It may seem odd, but my motivation behind this very empirical study is my interest in the theory of multiagent learning. The field has begun some deep soul-searching as of late, most importantly in the paper "If multi-agent learning is the answer, then what was the question?" by Shoham, Powers, and Grenager. In that paper, they isolate five objectives for multiagent learning:
As computer scientists, we have made great strides on computational problems. However, sometimes (and I myself am guilty of this) we try to view other aspects of the problem in a computational light. Arguably, this is natural given our discipline. However, I would argue that computer scientists have another way in which they can benefit the community. In particular, computer scientists are world experts at formally describing what they want to do.
There are many experiments that are performed on humans. This results in one of two things: either observations about a human beings behavior (from which a strategy or intent must then be derived), or a strategy which is explicitly laid out by the subject of the experiment. The latter is highly suspect: humans are notorious for saying they will do one thing, and then doing another (diets and exercise are two excellent examples of people laying out plans). But a computer program is a contract: it says what will be done in the future. So it distinguishes between what one would want to think that one would do and what one would do.
Even as we write programs, this distinction is significant: there is a big difference between an algorithm submitted to a conference and an algorithm submitted to a competition. Although the top three competitors in this competition were aware of regret minimization and other AI methods, they chose instead to apply completely different strategies.
Herein lies my reason for continuing this competition: observing these programs provides an opportunity to describe a whole new language for describing intelligent behavior. Beyond cooperation and competition, these agents are engaging in behavior that is not only a response to their environment, but they also recognize that their behavior forms an enviroment for others to respond to. Thus, I will play not just so that I can learn, but so that others can learn as well.
This lesson is not completely new: in fact, in Axelrod's iterated prisoner's dilemma competition, he made the same observation. So what is left to be done? In the iterated prisoner's dilemma, cooperation and defection were obvious (those were the names of the actions), and who you should try to cooperate with was obvious. In the real world, both of these things are unclear.
In this first lemonade stand game competition, we have observed that a very natural strategy is to play a Nash equilibrium, waiting for others to join you in playing it. This is similar to the AWESOME algorithm of Conitzer and Sandholm, but we actually observe people successfully using this methodology in the presence of other intelligent agents. The winning algorithm tried to estimate whether it would be better to play a constant strategy or respond to others playing a constant strategy.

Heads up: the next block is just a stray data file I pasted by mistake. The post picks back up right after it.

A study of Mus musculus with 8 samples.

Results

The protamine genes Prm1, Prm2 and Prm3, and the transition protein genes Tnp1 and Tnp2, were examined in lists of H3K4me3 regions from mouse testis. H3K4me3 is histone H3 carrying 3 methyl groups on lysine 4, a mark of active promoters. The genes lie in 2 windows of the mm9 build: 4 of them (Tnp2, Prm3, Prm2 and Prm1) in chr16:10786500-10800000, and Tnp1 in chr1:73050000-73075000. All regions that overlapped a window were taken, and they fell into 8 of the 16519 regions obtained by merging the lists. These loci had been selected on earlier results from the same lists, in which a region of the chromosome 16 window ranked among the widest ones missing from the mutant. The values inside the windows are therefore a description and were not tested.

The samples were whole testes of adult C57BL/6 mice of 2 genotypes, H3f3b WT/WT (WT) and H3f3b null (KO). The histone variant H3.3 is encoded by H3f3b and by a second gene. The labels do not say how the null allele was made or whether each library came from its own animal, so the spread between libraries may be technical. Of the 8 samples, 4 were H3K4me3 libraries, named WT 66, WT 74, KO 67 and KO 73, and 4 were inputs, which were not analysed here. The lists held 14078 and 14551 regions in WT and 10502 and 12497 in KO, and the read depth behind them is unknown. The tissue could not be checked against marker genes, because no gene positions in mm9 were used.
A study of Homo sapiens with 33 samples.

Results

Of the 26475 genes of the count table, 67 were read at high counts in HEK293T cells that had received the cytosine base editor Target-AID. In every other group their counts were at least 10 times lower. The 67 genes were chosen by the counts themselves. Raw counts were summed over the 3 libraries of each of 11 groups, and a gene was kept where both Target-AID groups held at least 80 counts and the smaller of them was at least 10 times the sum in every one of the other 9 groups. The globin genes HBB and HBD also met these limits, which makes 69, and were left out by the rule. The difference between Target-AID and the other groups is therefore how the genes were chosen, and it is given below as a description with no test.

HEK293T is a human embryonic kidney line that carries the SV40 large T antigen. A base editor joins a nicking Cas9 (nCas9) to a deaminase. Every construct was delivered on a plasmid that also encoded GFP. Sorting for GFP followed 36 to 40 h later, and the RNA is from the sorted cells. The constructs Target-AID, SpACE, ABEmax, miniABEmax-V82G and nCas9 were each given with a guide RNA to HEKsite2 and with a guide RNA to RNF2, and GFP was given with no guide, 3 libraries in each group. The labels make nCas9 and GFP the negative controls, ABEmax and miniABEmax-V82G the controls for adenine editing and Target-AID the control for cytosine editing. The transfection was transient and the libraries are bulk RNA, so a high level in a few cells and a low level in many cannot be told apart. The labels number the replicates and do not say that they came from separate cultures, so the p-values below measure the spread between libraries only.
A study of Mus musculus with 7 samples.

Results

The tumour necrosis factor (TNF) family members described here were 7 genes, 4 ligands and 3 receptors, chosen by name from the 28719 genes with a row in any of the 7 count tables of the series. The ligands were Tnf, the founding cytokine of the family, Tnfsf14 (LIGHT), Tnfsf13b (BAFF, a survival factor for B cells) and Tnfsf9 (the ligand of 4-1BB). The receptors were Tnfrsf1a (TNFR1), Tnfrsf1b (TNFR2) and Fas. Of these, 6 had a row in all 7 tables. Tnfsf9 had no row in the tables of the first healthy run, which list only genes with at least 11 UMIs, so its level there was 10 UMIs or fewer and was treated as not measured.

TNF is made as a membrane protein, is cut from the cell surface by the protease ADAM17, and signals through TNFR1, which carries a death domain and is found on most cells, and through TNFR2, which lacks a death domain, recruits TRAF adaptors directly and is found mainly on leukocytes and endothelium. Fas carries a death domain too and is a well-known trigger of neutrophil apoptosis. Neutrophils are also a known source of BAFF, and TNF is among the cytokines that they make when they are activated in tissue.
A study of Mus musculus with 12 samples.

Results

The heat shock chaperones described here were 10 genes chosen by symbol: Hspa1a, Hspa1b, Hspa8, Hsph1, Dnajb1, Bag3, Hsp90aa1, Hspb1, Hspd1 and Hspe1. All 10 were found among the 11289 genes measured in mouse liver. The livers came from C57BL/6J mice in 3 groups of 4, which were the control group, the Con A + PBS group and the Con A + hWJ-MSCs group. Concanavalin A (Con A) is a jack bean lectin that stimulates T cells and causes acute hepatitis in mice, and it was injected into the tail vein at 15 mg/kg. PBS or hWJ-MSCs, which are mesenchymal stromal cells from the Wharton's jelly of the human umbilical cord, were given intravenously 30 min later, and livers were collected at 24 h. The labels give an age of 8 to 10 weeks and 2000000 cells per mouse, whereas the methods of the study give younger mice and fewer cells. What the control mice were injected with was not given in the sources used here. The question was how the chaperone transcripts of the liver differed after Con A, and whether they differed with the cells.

At present, the game is simple, but it is one of very many simple games, which in aggregate are mind-boggling. Can we design algorithms for symmetric three-player, 12 action, constant-sum game of 100 rounds? What if there is communication? What if the game does not have a constant sum? What if there are more than three players? What if there is no symmetry?
Multi-agent theory is hamstrung by coming up with reasonable definitions of intelligence. But, as Dostoevsky so eloquently put it, what does reason know? To know what strategies humans would employ, we must work with each other on increasingly complex categories of tasks, to introspect honestly as to what behavior we believe will work. This behavior can then be categorized, and then we can understand it. In fact, if we restrict our definition of intelligence, then it can be empirically falsified:
Phenomenal Intelligence: the observed behavior used by a set of people at a point in time for some task.
Thus, while whether or not a particular property of intelligence can never be verified to hold for all humans, it certainly can be observed to hold for a set of algorithms that specify the choices of a specific set of people at a specific time. Thus, if we conjecture a certain property holds, we will see if it does when the competition actually occurs. Moreover, it also recognizes that we are not necessarily studying intelligence as a whole, nor even the intelligence of the group for all time, but specifically studying the ideas of a group at a point in time.
The biggest issue with studying the phenomenal intelligence of algorithms designed by machine learning experts is that it aggravates the Heisenberg Uncertainty Principle: the observations we make about past competitions will affect future competitions. The biggest potential gain is a new language of describing intelligent behavior, that can then be used in understanding human experiments, designing theoretical models of intelligence, and building intelligent agents in the future.